Knowing when you are able to make changes to a house using permitted development can be so useful, especially as a housebuilder and installer.

Dakea, roof window manufacturers, work with builders, roofers and other professionals. We’ve broken this down by common projects so you can find the information on permitted development that you need. Skip to: loft conversions, extensions or replacing windows.

What is Permitted Development?

Permitted development rights (PD rights) allow people to improve or extend their home without the need to apply for planning permission. They apply to many common projects for houses, but they may not apply to flats, maisonettes or other buildings.

PD rights can bring significant benefits to anyone who wants to undertake a project to improve their existing home or is looking to maximise the potential of a new investment, without the trouble and time of applying for planning permission.

What properties include permitted development?

The current house also must have certain qualities that allow it to be eligible for permitted development. The property must:

  • Not be a building containing one or more flats, or a flat contained within such a building.
  • Not already have additional storeys added to it under permitted development rights.
  • Not have changed to be used as a house (from a previous non-residential use) under permitted development rights.
  • Not built as a ‘New Dwelling House’ under permitted development rights.

 

Permitted Development in Loft Conversions

Converting the loft of a house is considered to be permitted development (not requiring planning permission) subject to some conditions and limitations.

Permitted development is only allowed for loft conversions if the enlargement of a dwellinghouse (a house used as a residence not for business) consists of an addition or alteration to its roof.

However, permitted development is not allowed in loft conversions if:

  • Any part of the dwellinghouse would, as a result of the works, exceed the height of the highest part of the existing roof.
  • Any part of the dwellinghouse would, as a result of the works, extend beyond the plane of any existing roof slope which forms the principal elevation of the dwellinghouse and fronts a highway.
  • The cubic content of the resulting roof space would exceed the cubic content of the original roof space by more than:

– 40 cubic metres in the case of a terrace house, or
– 50 cubic metres in any other case

  • It would consist of or include:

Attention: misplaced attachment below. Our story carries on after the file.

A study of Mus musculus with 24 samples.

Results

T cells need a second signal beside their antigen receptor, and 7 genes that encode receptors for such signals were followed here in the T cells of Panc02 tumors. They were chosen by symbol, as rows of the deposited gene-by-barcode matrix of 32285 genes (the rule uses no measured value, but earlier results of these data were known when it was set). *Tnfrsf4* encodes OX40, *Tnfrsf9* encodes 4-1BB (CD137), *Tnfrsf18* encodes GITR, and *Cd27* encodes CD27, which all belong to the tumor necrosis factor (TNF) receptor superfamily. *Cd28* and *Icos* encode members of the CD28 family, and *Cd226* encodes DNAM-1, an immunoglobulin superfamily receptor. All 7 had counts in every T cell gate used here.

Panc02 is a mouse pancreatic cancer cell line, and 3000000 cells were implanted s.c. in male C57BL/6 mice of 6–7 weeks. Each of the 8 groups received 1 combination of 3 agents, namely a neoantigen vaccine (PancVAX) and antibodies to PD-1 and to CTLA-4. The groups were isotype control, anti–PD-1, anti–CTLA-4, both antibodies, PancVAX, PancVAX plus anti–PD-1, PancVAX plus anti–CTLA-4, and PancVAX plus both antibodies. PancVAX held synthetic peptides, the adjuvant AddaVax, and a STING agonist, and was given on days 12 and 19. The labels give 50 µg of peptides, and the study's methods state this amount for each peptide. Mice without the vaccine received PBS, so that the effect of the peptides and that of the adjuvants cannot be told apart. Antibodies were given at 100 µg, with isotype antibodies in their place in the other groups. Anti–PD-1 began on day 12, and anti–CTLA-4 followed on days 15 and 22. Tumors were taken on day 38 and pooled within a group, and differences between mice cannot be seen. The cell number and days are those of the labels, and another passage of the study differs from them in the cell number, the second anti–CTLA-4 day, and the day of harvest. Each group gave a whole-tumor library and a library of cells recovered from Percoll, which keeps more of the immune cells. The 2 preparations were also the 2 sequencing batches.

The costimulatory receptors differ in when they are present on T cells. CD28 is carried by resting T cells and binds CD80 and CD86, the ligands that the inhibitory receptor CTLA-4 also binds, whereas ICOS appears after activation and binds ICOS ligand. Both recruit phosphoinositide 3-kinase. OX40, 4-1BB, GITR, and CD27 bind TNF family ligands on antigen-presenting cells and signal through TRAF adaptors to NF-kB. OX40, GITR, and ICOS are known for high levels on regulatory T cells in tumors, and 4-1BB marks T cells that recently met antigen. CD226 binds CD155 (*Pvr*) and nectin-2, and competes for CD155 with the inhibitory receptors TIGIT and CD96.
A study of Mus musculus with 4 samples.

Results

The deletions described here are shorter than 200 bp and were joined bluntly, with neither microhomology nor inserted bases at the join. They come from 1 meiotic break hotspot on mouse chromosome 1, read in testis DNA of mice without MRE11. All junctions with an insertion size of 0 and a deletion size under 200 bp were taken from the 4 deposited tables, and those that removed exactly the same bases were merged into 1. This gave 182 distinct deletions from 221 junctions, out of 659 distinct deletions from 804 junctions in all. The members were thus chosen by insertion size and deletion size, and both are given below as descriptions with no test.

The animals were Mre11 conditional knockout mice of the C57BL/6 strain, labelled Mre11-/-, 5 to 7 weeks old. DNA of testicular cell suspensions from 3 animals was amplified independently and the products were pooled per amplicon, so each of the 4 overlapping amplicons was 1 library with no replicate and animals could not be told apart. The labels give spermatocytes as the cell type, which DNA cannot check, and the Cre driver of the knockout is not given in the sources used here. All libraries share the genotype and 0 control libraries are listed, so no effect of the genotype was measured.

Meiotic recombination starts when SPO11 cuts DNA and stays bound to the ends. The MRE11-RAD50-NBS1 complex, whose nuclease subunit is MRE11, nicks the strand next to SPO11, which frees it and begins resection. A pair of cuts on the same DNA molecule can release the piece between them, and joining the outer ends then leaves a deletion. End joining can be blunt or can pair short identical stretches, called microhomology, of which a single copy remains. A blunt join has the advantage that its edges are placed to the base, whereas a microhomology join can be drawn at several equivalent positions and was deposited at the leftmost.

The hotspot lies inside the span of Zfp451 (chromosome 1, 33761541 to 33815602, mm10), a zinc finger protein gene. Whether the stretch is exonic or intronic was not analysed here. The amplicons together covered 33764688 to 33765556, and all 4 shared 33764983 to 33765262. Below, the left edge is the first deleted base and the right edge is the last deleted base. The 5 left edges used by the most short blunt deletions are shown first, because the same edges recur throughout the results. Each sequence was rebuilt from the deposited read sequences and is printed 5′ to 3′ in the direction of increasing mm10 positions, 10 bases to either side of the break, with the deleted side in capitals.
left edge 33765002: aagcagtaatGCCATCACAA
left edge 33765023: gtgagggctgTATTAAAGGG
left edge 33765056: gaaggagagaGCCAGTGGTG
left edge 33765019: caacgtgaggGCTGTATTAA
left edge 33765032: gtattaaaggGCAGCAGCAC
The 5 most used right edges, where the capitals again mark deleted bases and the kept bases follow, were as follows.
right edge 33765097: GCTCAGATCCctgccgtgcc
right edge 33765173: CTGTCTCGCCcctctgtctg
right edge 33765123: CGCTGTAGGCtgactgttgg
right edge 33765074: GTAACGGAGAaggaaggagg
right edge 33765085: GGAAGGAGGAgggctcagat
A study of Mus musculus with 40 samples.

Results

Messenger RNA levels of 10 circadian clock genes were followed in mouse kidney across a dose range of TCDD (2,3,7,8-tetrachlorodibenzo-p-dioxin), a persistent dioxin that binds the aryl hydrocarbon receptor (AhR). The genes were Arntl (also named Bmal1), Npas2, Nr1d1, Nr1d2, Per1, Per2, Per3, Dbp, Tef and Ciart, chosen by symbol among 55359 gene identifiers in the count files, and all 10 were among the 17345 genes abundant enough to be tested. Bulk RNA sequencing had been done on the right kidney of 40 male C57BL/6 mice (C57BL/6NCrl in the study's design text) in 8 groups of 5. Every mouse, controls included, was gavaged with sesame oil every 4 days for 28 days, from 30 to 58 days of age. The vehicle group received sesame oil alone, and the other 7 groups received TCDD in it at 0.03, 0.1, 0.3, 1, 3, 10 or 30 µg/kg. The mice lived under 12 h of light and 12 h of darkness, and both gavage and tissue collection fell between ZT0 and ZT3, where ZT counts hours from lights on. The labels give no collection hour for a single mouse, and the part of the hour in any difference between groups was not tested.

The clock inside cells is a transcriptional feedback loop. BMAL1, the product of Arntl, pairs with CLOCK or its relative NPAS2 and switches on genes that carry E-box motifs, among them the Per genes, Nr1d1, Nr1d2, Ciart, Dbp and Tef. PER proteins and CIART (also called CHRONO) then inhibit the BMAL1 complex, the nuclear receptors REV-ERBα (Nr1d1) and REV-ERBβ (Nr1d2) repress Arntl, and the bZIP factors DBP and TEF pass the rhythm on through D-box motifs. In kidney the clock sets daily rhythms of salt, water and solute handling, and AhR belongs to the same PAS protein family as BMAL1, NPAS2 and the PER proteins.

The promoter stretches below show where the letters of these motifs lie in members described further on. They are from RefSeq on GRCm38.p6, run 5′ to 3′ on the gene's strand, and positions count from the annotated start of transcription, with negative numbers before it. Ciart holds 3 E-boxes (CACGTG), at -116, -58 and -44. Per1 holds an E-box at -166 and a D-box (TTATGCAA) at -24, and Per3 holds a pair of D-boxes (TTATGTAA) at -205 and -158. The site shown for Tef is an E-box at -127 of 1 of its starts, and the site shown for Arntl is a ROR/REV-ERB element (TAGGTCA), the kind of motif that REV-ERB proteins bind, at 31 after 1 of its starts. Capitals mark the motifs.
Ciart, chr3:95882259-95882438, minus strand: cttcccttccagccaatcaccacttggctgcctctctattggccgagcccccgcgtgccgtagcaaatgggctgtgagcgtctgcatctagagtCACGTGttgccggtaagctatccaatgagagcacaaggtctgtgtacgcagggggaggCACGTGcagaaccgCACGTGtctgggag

– The construction or provision of a verandah, balcony or raised platform.
– The installation, alteration or replacement of a chimney, flue or soil and vent pipe.

If these are not met, an application for Householder/Full Planning Permission will be required.

For more information, read our in depth guide on how to convert a loft.

Permitted Development in Conservation Areas

Conservation areas often have different permitted development rights. They still exist in these places, but they often have small differences due to ‘conservation area consent’. These are tailored to each area and can limit things including replacing existing windows and doors, for example. You will be best contacting your local planning authority.

 

Permitted Development Rights for Extensions

Similar to loft conversions, an extension or addition to a house is also sometimes considered to be permitted development (not requiring an application for planning permission), as long as certain limits and conditions are met.

The conditions that must be met are that:

  • There is no cladding on the exterior of the house.
  • There are no side extensions.
  • No more than half the area of land around the original house would be covered by additions or other buildings.
  • No extension forward of the principal elevation or side elevation fronting a highway
  • Materials to be similar in appearance to the existing house.
  • Side extensions to be single storey. Width of the side extension must not have a width greater than half the width of the original house.
  • Side extensions to have a maximum height of four metres and width no more than half that of the original house.
  • If the extension is within 2m of a boundary, maximum eaves height should be no higher than 3m to be permitted development.
  • Maximum height of a single-storey rear extension of 4m.
  • Maximum eaves and ridge height of extension no higher than existing house.

 

Permitted Development For Replacing Windows

Most houses have permitted development rights, which make it possible to replace existing windows or create new windows without requiring planning permission from the council.

Homeowners can generally do the following with permitted development:

  • Repairs
  • Maintenance
  • Minor improvements, such as repainting window and door frames
  • Insertion of new windows and doors that are of a similar appearance to those used in the construction of the house
  • Installation of internal secondary glazing
Replacing a roof window

 

If you need more guidance on permitted development, you can visit gov.uk.